Paul Levas is a man who knows where he is going. As a writer, he will be writing till the day he dies. I wanted to interview Levas here for the site, and I really wanted to get him to tell you why you need to be reading his books. As a horror writer, he takes his inspiration from Stephen King– what better education could there be? Read, learn and enjoy….
If you could work with any author who would it be?
Stephen King and Michael Bray.
Who is your favourite author, and is you writing style similar to theirs?
Stephen King, and I have been told my style is very similar.
What’s your favourite part of a book, Paul?
The ending. But I love the entire story. See how things develop.
When naming your characters, do you give any thought to the actual meaning?
No, however, in a novel I am about to start, the main character’s name is Donald King–for Donald Westlake and Stephen King.
How have your personal experiences affected your writing?
Greatly. I write what I know. For example, I just wrote a story titled Restroom, where a young boy is locked inside a porta-potty. When I was six or seven, I myself was locked inside. I was terrified. My aunt rescued me.
What genre of books do you like to read? Do you limit yourself to only the genre that you write yourself?
For about a year I read Stephen King and Joe Hill, but now I am on year #2 of Harry Potter. To answer your question, I love Horror, Fantasy, thrillers.
Were you always good at writing?
Most authors of whom I am a fan started writing very young. I was a video game junkie until I turned sixteen. Since then, I’ve been writing. At first I wasn’t good. Like anything else, I’ve learned a lot as I’ve written and read more.
How do you get started with writing a story (as in, how do you start developing the story, how do you get inspired for it).
My novel, 43, which is in edits, is about an abused boy named Jason Dillinger. With that one, I didn’t really get an idea. I observed someone I know. I observed him so much, I felt like I was him–the one being abused. Angry, sad, hurt, etc. I started writing every day–1,000 words a day–and I ended up with an 88,000 word manuscript. Another novel I wrote, Trials of Life, simply came from a quote that popped up in my head: ‘The choices you make depict your future.’
What advice would you give to people who “run out of creativity” when writing?
WRITE every day. Read every day. The only way you will ever get better are through those two things, and to be around positive people. I know from personal experience that stress and anxiety interrupt the process.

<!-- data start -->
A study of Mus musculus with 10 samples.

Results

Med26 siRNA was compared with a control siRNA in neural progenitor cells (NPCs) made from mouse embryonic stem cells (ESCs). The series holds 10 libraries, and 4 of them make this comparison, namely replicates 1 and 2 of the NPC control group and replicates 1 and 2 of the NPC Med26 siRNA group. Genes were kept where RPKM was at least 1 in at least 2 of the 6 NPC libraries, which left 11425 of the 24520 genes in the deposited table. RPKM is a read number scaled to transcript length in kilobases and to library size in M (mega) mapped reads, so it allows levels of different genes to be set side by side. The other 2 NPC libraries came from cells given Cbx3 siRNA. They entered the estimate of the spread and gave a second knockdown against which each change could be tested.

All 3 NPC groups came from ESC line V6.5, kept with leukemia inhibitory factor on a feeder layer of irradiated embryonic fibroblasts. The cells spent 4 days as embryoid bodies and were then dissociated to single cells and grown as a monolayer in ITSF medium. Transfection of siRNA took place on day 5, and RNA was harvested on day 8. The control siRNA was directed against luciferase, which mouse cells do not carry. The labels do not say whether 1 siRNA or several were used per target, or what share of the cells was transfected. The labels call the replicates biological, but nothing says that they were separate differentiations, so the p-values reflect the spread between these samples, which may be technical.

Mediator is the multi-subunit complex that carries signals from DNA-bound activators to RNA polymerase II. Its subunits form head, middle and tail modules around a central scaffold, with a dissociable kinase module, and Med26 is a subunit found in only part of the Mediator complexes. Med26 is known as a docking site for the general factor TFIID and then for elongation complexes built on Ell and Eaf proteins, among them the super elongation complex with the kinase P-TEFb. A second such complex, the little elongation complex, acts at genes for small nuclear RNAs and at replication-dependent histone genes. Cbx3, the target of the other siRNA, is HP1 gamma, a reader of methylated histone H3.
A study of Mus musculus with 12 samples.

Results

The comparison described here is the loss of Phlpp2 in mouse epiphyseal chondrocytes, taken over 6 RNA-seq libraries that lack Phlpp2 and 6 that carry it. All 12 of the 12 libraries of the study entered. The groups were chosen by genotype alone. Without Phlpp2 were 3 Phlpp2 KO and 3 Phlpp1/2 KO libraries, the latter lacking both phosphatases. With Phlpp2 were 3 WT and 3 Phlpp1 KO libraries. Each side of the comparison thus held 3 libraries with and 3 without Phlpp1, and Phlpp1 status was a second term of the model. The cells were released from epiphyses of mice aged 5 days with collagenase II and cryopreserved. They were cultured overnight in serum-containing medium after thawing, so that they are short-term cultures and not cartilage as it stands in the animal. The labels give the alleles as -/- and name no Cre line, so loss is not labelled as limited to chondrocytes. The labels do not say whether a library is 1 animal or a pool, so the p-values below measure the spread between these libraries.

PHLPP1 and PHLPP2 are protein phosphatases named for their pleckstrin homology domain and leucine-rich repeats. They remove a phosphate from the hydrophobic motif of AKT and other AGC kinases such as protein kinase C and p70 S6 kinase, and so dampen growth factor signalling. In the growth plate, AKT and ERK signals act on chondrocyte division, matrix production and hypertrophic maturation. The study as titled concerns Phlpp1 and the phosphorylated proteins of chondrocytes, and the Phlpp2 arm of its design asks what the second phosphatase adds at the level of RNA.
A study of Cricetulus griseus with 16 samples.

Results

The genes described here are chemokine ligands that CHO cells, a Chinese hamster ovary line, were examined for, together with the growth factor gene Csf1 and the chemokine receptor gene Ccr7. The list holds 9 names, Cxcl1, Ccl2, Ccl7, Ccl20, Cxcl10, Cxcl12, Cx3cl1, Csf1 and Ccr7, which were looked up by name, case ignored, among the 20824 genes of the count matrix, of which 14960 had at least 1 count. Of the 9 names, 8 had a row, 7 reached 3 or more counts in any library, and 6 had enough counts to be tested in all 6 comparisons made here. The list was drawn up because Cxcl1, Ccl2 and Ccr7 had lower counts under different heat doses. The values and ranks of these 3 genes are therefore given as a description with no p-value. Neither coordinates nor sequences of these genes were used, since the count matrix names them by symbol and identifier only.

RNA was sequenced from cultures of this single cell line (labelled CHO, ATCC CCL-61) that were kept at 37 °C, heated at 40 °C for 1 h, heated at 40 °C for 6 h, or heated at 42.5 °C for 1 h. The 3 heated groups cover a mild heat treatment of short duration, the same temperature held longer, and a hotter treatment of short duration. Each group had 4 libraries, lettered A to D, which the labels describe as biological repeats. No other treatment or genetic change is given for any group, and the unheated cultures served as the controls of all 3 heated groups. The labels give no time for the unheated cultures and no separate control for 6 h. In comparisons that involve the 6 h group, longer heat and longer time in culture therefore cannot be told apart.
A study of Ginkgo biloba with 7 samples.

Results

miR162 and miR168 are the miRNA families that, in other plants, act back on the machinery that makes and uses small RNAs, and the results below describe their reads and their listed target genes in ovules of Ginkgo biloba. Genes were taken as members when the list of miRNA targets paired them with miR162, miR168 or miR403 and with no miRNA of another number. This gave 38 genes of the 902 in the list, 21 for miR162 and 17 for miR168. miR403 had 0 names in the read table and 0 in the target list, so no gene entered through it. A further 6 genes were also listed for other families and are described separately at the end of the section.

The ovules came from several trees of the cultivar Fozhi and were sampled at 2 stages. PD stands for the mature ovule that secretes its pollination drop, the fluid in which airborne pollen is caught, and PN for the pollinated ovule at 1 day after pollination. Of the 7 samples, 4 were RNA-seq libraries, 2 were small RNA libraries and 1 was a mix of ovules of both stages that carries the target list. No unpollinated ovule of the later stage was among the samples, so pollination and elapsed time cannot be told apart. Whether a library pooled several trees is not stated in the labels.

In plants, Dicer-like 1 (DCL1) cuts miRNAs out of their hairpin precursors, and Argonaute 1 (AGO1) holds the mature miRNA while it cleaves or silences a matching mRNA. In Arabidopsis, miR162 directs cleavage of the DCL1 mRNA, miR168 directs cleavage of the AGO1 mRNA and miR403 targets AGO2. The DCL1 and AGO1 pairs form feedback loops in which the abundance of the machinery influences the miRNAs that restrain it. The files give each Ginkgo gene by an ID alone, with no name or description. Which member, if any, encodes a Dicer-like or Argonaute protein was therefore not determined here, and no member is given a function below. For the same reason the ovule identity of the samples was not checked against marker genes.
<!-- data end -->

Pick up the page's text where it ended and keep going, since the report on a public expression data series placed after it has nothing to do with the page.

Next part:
What is the most important lack in your life?
Sadly, my family- brother, sister, mother.
You are in Walmart looking at books—you see your new book on the shelf—what do you think?
I will scream inside, with a smile like Heath Ledger’s character the Joker. I will be proud and happy.
You are on a plane and someone asks if you are Paul Levas and raves about your new book—how do you handle it?
BEWILDERED AND HAPPY. I will give them all of my time and a “Thank you!”
You have the #1 bestseller in America—what would be your first thought?
Thank you Lord God, and thank you for everyone that helped me along the way.
Are you at ease when interviewing? Do you find interviews generally exciting or boring?
Exciting and nervous.
What puts you off when reading a book? Bad grammar? Awful editing? Slow stories?
Slow story and bad grammar.
Is paradise self-made or can it be found? Is writing your paradise?
My soon-to-be wife and writing are my paradise.
You enter “The Twilight Zone” and find yourself in a world without books or reading. Is your first reaction to explore this new place or to leave in disgust at the illiteracy of this new world?
Explore. A great idea could arise.
Why do you think reading has become such a rarity in the U.S.A? Do you blame video games and modern pop music for its decline?
Video games are great after a long, productive day, but if you play them every day non-stop…well, I don’t feel productive. I HAVE to write. Even if its fifteen words.
Do you agree that writers have to be salesmen in the Indie world?
With self-publishing, yes; but even if you’re with a publisher, it would never hurt to start a conversation about your work.